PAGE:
Inflation pushing more Canadians to food banks


In some cities, visits to food banks have nearly tripled as the rising cost of groceries continues to take a toll on Canadians, says Daily Bread Food Bank Toronto CEO Neil Hetherington.

Toronto food banks have reported an increase to 160,000 client visits per month, in comparison to 60,000 before the pandemic. Hetherington tells CTV’s Your Morning these visits will only continue to grow.

“We expect that number to rise to about 225,000 client visits per month. People are in need in the city, and we need to do something about it,” he said on Tuesday.

Food banks in Charlottetown and Calgary have also seen an increase in visits, including the Upper Room Hospitality Ministry in PEI that’s reporting a 60 per cent spike in clients since April 2021.

The Calgary Food bank said, of the 9,500 people who were sent food hamper deliveries in April, 75 per cent of them were new clients.

Statistics Canada’s April report found food prices have seen a 9.7 per cent increase in grocery stores since April 2021. Additionally, the current inflation rate sits at 6.8 per cent, marking the highest rate reported in three decades.

While local community members continue to send donations, it still isn’t enough to minimize the lineups outside food banks, Hetherington said. Affordable housing and a steady income are among the essential components in tackling Canada’s food insecurity, he explained.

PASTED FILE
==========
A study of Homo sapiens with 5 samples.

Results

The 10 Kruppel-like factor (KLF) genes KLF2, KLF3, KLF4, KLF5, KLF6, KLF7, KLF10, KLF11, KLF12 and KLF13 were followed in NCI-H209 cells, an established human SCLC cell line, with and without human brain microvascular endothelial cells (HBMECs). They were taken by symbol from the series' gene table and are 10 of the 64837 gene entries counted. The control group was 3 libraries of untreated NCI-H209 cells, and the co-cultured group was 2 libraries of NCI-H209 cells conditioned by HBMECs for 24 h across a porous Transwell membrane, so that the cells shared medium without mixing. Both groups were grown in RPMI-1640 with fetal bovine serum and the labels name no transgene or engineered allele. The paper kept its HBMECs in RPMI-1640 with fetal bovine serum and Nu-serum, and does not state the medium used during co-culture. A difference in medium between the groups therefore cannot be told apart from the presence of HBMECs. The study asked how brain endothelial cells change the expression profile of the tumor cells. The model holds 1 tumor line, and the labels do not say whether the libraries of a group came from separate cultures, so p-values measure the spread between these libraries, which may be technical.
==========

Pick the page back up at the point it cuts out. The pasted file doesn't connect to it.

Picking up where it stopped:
“We committed as a country that we would reduce poverty by 50 per cent by 2030. We’re not on track to be able to do that and this inflation has exacerbated that situation,” he said.

In March, the Daily Bread Food Bank and the University of Calgary conducted a study that determined a 53 per cent increase in visits to Toronto food banks between January 2014 and March 2020 were driven by factors including rent increases and reductions in disability benefits.

In Ontario, social assistance provides residents with about $1,100 a month, however Hetherington says an increase of just $15 monthly could translate to 56,000 fewer visits to food banks in the city.

“We know the answers to these social problems. We know the levers to pull. We know the impact that they’re going to have. We just need to have the political will and courage and leadership to be able to make that difference,” he said.